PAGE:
Telltale Games The Walking Dead Season 2 – People Are The Worst
The Walking Dead has grown in ubiquity over the past few years, growing from cult underground comic, to huge TV hit, to indie game success. Whatever incarnation, though, The Walking Dead could easily be subtitled – People are The Worst. The zombie apocalypse is merely the backdrop for people to be awful to each other, which is part of the appeal, it makes one think “what would I do?” Telltale Games’ The Walking Dead Season 2 let’s the player find out exactly what that would be.
The threat of impending doom keeps tension high, boxes characters in and provides the odd scare but it’s the interactions between living people that drives the narrative in The Walking Dead. In Season 2, which picks up a little after the events of their first season, you play as Clementine, the little girl you had to take care of in Season 1, who’s not so little anymore and forced to grow up in a worsening world.
Clementine has joined a new group and they meet other survivors and it quickly becomes clear that good people aren’t long for their world. They get hunted down and incarcerated by a group headed by Bill Carver (voiced by Michael Madsen) and make a break for it when their compound is overrun by a zombie hoard. People die, you even have to kill some people, but it’s the constant direness that makes the bright moments in the game (like the birth of a baby or a reunion with an old friend from Season 1) even sweeter.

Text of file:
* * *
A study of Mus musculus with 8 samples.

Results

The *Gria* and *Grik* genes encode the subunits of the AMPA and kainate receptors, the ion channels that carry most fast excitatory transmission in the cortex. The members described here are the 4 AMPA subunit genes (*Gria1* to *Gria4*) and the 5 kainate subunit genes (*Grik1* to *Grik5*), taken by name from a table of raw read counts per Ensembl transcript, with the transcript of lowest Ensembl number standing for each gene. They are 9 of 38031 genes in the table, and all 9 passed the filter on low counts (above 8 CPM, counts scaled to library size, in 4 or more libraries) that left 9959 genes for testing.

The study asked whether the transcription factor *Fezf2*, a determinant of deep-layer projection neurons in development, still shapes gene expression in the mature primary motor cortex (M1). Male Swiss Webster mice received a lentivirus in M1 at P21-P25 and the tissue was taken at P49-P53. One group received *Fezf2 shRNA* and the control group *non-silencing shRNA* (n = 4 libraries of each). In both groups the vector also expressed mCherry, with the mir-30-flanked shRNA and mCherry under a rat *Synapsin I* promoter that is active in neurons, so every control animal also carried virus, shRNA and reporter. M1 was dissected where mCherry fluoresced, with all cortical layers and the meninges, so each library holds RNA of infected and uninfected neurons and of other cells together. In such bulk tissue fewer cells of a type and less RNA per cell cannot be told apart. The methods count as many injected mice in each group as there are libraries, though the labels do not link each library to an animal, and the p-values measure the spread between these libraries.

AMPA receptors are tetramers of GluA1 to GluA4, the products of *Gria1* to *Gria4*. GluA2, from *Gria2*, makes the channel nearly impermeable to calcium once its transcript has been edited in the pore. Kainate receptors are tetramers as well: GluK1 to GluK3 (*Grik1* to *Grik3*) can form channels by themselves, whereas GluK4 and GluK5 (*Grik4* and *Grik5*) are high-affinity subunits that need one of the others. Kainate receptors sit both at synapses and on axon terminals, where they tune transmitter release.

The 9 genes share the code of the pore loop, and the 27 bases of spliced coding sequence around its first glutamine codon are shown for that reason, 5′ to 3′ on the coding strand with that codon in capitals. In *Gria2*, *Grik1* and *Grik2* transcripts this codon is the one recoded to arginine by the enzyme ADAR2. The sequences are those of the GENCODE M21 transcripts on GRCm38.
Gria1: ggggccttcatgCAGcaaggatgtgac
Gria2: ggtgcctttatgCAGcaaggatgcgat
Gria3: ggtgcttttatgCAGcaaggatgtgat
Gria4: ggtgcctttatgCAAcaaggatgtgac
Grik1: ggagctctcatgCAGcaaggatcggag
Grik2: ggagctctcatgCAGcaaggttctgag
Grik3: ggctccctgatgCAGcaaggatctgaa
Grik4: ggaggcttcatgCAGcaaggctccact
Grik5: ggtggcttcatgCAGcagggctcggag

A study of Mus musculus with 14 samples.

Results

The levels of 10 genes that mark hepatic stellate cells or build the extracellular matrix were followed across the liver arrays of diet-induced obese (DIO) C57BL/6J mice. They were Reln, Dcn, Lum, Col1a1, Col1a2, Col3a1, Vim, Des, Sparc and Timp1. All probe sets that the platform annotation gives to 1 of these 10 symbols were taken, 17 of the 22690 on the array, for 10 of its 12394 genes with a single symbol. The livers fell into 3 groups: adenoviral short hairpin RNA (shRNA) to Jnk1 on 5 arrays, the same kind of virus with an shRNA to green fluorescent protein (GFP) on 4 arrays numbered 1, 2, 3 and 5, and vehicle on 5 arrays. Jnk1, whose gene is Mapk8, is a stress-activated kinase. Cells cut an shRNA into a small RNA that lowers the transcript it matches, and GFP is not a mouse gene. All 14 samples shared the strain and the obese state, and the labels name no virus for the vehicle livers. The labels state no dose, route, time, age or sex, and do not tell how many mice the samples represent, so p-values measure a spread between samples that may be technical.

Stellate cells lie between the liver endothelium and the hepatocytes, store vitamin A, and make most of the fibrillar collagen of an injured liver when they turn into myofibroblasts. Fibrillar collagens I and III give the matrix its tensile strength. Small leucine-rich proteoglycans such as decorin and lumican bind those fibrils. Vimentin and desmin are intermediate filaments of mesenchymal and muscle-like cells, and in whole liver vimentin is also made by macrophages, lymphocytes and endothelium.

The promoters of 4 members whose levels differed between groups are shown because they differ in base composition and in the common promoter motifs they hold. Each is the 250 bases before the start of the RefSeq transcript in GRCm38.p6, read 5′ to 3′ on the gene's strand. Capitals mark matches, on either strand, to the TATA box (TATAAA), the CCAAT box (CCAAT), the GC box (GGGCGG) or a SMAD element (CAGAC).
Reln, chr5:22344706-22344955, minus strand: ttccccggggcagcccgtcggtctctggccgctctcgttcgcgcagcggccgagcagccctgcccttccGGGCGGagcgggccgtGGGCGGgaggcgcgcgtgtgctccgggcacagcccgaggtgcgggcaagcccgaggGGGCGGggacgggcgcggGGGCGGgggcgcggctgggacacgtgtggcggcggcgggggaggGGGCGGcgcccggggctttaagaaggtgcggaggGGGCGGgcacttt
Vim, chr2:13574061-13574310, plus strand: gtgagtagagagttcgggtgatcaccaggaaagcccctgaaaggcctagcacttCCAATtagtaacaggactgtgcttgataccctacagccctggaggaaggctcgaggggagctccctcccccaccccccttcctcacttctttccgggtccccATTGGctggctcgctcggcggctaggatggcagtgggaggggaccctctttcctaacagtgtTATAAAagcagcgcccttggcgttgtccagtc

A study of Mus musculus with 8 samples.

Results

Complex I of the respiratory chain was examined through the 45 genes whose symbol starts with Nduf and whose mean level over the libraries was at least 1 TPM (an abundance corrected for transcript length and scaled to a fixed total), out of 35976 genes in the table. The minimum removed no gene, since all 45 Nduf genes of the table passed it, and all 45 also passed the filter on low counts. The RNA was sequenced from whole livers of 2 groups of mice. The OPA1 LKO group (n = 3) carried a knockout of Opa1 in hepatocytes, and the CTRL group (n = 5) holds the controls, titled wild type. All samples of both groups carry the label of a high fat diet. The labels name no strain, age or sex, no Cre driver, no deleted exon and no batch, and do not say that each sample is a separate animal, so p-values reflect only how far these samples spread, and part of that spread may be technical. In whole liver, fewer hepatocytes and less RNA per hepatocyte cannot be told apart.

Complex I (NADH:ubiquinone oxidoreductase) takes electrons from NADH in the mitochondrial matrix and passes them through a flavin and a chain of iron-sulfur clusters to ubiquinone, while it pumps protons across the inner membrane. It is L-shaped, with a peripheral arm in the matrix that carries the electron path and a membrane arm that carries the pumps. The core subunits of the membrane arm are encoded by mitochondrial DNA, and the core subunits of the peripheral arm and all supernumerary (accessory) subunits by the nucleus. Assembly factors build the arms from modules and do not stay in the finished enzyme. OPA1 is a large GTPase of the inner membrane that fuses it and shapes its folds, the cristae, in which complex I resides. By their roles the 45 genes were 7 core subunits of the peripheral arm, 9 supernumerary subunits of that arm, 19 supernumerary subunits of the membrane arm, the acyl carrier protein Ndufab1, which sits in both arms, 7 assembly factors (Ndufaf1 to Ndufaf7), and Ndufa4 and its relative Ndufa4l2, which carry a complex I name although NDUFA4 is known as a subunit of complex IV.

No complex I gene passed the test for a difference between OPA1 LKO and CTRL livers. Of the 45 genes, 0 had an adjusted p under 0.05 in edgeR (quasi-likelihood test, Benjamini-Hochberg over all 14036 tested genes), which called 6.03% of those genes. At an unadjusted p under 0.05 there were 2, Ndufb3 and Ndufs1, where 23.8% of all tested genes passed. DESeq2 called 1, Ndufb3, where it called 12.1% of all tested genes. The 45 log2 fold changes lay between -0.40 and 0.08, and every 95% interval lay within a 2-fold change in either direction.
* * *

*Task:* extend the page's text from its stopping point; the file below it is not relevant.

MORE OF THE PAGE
In the same way the few bright moments are contrasted with overwhelming grimness, the gameplay’s restrictive point-and-click type mechanic has been, in the past, contrasted with moments of incredible freedom in the season climax (see Season 1 and The Wolf Among Us). The final episode of season 2 has a few moments like that but the stand out scene to me was a flashback, after Clementine was knocked out, to a conversation with Lee from Season 1 where you can see just how much Clementine has grown and changed. It’s a punch in the gut and that’s where Telltale really excels, in making their worlds achingly real.
Each time I play a Telltale game, I wonder if the restrictive control scheme will become an issue, but it never does because it doesn’t take long before I’m lost in the story. There are moments where I genuinely smile and the episode cliffhangers elicit real gasps. At the moment there’s no one telling stories in video games like Telltale and now they have franchises based on Borderlands and Game of Thrones and have just announced a new series based on Minecraft. If you haven’t played any of Telltale’s games yet, then what are you waiting for?